One of the things I wanted to do before leaving France was to meet my blogger friend, Stéphane (check out his super fantastic blog, My French Heaven), in Libourne. It seemed like an easy enough task because Libourne is about 20 minutes away from Bordeaux by train, but I kept messing up the timing 😦 The meeting finally took place a week and a half ago when Stéphane took some time out of his busy schedule to spend a bit of time with me in the morning. I took a train to Libourne, where I met Stéphane, and off we went to explore the town and its surroundings 😉
The main destination was the market in the town centre, where lots of fresh foods were being displayed. It reminded me of Capucins in Bordeaux, and sometimes I like to take a walk through these local markets even if I’m not doing grocery shopping. The smell of the morning air complimented with fresh fruits, vegetables, meats, and seafood is a vitalizing start of a day!
Figues au foie gras…figs stuffed with duck liver? Hmm…sounds intriguing. I’ve recently begun to like the taste of foie gras (yes…I wasn’t a huge fan of it before) but I wonder how the fig/foie gras combination would taste. I imagine the texture would be very interesting.
Here’s a French word that I didn’t know, “betterave”, which I believe is “beetroot”. Huge, radish-like vegetables, sold with carrots, leek, and this thing called…”topinambour”, translating into “Jerusalem artichoke”. Seems like this is a lesson in French AND plant biology for me, as I didn’t even know this thing existed!
I liked this guy, who was offering to shuck oysters. “Quand ouvrir les huîtres devient un jeu d’enfant”…definitely not a child’s game when I eat oyster with my friends, as it always involves a fierce battle between the oyster knife (one which we broke) and the stubborn oyster. If only this guy were around when we were having our oysters, life would have been much simpler and we would have had two fewer injuries 😛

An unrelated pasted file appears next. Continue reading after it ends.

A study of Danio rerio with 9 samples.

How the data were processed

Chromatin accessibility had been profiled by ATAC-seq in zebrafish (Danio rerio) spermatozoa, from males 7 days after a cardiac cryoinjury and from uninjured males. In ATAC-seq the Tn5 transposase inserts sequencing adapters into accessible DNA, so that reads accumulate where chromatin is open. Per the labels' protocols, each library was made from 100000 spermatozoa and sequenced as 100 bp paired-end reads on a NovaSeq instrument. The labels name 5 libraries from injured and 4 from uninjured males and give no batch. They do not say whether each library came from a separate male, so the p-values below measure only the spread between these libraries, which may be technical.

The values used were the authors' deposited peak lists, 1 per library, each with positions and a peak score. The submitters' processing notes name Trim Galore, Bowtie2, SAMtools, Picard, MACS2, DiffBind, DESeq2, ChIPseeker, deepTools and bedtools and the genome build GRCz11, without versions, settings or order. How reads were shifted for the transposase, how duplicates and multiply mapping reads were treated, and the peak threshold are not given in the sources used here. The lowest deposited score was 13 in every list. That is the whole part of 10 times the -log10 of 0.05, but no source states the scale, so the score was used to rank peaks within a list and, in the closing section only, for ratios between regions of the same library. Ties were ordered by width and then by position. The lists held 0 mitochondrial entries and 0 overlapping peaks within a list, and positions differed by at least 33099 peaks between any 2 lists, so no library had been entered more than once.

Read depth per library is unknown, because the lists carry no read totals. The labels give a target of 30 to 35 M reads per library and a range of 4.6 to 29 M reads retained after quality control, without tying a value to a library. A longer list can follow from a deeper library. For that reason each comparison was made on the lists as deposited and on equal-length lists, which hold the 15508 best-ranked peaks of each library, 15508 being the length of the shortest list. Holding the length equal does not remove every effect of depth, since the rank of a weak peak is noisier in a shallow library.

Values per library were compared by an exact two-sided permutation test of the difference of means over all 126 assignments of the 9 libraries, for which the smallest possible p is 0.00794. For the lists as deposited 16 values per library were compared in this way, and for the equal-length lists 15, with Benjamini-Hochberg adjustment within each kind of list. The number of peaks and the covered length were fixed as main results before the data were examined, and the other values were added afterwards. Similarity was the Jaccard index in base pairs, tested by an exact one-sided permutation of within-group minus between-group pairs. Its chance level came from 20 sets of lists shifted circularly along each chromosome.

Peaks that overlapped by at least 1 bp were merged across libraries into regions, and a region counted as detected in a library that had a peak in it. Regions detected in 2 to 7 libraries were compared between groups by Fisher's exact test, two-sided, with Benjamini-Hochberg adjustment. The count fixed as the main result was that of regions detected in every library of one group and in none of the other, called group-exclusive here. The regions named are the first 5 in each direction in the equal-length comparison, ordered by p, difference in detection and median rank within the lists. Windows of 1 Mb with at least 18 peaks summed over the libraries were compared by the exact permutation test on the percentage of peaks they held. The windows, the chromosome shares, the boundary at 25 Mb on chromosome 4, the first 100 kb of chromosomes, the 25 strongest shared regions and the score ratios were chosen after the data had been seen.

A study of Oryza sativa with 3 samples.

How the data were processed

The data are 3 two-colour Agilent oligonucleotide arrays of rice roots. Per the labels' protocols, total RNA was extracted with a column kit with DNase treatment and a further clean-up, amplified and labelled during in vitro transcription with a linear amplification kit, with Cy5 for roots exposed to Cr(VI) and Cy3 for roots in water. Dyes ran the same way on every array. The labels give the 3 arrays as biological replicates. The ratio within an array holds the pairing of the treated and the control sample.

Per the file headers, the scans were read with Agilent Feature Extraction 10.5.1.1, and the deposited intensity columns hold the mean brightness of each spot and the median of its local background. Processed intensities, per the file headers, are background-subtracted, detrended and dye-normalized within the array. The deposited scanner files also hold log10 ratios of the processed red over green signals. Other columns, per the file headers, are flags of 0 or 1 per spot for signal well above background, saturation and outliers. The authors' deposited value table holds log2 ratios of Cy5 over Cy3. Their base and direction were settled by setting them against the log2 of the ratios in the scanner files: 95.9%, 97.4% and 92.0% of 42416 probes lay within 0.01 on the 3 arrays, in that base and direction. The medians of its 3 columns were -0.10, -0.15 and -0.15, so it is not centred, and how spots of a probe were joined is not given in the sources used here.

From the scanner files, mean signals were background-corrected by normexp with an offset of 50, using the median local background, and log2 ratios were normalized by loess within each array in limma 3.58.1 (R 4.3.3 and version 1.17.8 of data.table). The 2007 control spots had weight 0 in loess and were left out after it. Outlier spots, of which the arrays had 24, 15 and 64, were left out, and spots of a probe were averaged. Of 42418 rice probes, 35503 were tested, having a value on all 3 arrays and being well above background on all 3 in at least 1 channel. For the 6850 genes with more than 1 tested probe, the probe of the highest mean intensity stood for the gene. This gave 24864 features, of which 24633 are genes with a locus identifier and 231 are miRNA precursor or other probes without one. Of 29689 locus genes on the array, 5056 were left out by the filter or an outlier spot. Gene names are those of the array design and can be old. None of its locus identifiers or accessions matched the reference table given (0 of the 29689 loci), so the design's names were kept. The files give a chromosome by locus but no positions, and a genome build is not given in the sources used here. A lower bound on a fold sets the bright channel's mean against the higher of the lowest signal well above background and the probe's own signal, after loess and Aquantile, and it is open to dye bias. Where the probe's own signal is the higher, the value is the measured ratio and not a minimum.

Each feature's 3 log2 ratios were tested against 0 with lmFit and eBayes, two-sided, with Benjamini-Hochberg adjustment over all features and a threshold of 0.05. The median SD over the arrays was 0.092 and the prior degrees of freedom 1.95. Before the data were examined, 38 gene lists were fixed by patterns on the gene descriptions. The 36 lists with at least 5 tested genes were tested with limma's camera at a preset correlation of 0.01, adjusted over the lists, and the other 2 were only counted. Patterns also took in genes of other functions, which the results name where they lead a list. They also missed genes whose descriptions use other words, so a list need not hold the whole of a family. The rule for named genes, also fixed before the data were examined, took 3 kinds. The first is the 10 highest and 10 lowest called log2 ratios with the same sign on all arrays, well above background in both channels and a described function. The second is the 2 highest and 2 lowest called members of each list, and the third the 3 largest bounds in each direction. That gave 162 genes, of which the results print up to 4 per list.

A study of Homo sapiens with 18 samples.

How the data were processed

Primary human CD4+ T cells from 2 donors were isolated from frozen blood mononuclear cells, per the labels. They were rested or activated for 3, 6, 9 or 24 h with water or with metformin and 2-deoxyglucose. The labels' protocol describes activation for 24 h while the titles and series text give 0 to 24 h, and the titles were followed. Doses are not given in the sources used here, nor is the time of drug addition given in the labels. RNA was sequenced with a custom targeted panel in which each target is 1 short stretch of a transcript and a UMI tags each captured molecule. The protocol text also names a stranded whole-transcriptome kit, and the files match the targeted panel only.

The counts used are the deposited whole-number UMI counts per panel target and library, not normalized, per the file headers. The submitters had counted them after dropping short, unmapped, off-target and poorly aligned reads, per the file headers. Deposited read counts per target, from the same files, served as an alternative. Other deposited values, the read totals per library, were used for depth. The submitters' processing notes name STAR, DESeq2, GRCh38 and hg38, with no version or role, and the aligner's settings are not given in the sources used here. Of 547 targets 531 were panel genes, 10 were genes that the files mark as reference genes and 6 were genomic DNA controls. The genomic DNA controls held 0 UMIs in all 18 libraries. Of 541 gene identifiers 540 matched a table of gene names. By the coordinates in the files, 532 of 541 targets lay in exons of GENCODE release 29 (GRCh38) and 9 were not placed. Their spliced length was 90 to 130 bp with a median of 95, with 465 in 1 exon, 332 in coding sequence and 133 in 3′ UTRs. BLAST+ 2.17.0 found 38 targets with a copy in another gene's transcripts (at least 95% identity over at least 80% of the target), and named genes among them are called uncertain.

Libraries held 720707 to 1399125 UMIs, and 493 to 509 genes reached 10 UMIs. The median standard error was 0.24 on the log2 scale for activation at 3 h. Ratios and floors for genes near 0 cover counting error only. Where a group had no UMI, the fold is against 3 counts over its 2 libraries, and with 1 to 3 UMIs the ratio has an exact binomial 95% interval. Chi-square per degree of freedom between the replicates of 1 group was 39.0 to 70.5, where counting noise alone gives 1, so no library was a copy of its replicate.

After the visit to the market, Stéphane took me to some wine-making regions adjacent to Libourne, including Fronsac and Pomerol. It was a very foggy morning, and visibility was severely reduced, but a view of the endless vineyards is still quite a spectacle, even in the fog.
One of the châteaux of the appellation of Pomerol – Château L’Évangile. Beautiful red buildings 🙂
And here is Château Figeac, making one of the most famous wines in the Saint-Émilion region. In the classification of Saint-Émilion wines, Figeac carries the rank of Premier Grand Cru Classé (Class B). According to Stéphane, you’d really have to know you’re getting the real “Figeac” instead of wines from other châteaux that also carry the name “Figeac” in their name. There’s only one real Château Figeac!
Before long, Stéphane had to head off, thereby ending our short but pleasant rendez-vous in Libourne and the nearby areas. I am grateful to have had the chance to meet Stéphane and I especially enjoyed Stéphane’s stories about food and France, which I believe are two of his passions. I would have absolutely loved to try Stéphane’s cooking, but unfortunately this time around we didn’t have the time. As he said, France is such a beautiful country and worth coming back over and over again, so maybe one day I will come back to visit. Until then, cheers!